Turning Aleppo and U.S. credibility to dust, the Assad-Putin-Khamenei axis rumbles on. And ISIS is a prime benefactor of the killing. In cleansing eastern Syria of its Sunni population in order to carve out an Alawite stronghold, Assad and his allies are pushing Sunnis toward ISIS. It’s true that ISIS’s manpower, resources, and territory are under pressure, but the group is far from weak. The toughest challenges are not yet behind us.
For a start, learning from former officers of Saddam Hussein’s regime, ISIS has carefully developed its long-term combat capabilities. It has moved key officers throughout Iraq, Syria, and Libya, and it has shown a greater willingness to cede ground that it knows it cannot hold. Yet where it does hold power, ISIS continues to impose a vicious tyranny. Consider a few stories from the last week.
On Monday, reports suggest that ISIS forces in Mosul executed a police officer and his son after holding them prisoner for a period of months. As with most Iraqi security-force prisoners, the two men were probably brutally tortured. But that’s only the tip of the iceberg in Iraq’s northern city. Facing a looming attack by Iraqi and coalition forces, ISIS forces in Mosul are increasingly brutal in their treatment of civilians.
How about another day in the life of the Caliphate?
On Tuesday, ISIS released a new 19-minute video. In it, propagandists promise to purge the world of Shia Muslims and all who do not yield to their totalitarian vision. Accused pro-U.S. rebels are shown on screen and derided for what ISIS claims was their failure in battle. Forced to wear orange jumpsuits, the prisoners are then marched into the desert and beheaded by ISIS fighters in black overalls. Their heads are then placed on spikes. While this video is ISIS propaganda 101 (another recent video involved a human slaughterhouse), it deserves our attention nonetheless. That’s because each video crystalizes ISIS’s brutality and evidences the necessity of utterly crushing them. We must not become numb to the horror.
But that’s not all. Also this week, ISIS circulated a new magazine edition encouraging sympathizers to stab and murder Western civilians. Blending Koranic verses with guidance from extremist clerics, the magazine tries to justify murder by prospective lone wolves. The lone-wolf focus shows that even as ISIS faces battlefield losses, it has no intention of yielding the fight. On the contrary, while ISIS’s capital city, Raqqah, is important, the group sees its ultimate capital as non-territorial in nature. Aiming for global fear or fealty, ISIS seeks to raise its capital in the hearts of all humanity.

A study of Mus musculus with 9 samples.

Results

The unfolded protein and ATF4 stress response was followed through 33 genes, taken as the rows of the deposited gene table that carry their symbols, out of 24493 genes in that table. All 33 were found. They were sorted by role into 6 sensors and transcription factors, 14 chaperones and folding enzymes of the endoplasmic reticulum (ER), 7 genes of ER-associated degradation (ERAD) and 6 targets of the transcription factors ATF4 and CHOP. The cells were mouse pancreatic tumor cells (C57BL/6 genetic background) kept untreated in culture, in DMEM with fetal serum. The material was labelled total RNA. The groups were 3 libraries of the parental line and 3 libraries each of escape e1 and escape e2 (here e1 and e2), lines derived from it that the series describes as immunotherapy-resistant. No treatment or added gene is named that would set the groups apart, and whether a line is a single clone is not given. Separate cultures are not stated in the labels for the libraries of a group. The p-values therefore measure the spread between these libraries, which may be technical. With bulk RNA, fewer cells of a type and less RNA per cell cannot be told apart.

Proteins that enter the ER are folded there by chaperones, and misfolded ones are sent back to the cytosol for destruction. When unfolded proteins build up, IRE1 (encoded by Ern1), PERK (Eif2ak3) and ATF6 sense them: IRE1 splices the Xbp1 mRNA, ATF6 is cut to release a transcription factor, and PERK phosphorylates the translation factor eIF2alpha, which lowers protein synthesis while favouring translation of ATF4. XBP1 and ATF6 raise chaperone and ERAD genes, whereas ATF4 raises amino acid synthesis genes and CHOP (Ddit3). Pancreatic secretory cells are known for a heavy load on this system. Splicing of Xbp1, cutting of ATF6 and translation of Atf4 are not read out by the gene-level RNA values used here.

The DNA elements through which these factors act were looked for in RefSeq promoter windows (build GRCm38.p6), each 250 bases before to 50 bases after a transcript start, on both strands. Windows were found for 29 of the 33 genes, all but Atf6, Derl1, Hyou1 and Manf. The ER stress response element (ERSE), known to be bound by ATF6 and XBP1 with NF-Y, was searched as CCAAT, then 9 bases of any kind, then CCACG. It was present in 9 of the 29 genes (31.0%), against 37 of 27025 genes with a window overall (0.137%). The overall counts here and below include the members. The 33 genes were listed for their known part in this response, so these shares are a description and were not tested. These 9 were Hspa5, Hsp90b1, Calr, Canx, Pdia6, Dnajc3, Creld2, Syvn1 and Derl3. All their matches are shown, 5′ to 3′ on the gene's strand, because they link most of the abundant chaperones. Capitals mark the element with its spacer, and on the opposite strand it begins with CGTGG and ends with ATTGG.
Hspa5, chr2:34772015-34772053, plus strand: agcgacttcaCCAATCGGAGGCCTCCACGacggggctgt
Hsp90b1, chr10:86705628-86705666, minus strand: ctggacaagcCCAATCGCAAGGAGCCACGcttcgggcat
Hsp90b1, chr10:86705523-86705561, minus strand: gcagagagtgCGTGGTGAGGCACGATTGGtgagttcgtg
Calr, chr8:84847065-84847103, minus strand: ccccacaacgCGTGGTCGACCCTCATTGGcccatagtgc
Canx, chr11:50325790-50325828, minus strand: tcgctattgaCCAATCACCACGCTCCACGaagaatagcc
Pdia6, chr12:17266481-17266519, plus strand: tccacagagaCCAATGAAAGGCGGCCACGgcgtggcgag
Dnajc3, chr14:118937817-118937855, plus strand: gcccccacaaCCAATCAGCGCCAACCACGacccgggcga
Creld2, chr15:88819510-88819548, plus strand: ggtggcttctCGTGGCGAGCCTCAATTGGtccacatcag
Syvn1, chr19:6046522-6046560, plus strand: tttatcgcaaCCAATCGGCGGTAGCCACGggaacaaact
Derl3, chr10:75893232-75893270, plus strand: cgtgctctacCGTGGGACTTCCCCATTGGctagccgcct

Still, there is one area where ISIS remains an exceptionally urgent threat. And that’s the threat posed by its foreign operations units. There are three heads to this hydra. First, there are the inspired losers in the vein of Orlando attacker Omar Mateen. Each time one of them carries out a successful attack, others are inspired to carry out their own attacks. The violence is thus self-replicating, and, as the Nice atrocity proved, the means of mass murder are many. This makes detecting lone-wolf attackers very challenging.
The second challenge is that of locating and tracking ISIS operations managers who guide inspired jihadist to take deadly action. Pointing to the ISIS-inspired murder of Father Hamel in a small-town church in France, the EU’s counter-terrorism coordinator, Gilles de Kerchove, recently explained that these managers use encrypted apps to help plotters evade detection and carry out atrocities. At this level, the planning and operational sides of a terrorist cell need never meet. Instead, their collaboration is made possible via simple use of apps. According to de Kerchove, ISIS plotters in Europe are focused on vehicles loaded with improvised explosives. He also fears that ISIS might provide online directions for building crude chemical weapons. There is a record here. As I’ve noted before, ISIS obsesses over WMDs. And in June 2007, two al-Qaeda terrorists attempted to detonate three improvised car bombs in the U.K. Fortunately, the only casualty was one of the attackers, who accidentally burned himself to death.
Third and most serious however, are the ISIS sleeper cells infiltrating Europe to carry out Paris-style spectacular attacks. In Germany this year, at least two such cells have been dismantled, but European intelligence officials believe that more cells remain at large. These cells are exceptionally patient, while also being the most ideologically fanatical, well-equipped, best supported logistically, and skilled at evading detection.
All of this should lead us to a simple conclusion. While we are grateful that ISIS is under pressure in its Caliphate, we must reject the temptation to celebrate victory prematurely. ISIS remains strong. Unless we definitively defeat them, ISIS will repeat the actions of its precursor, al-Qaeda in Iraq, after 2011: rise from the ashes and spread chaos throughout the world.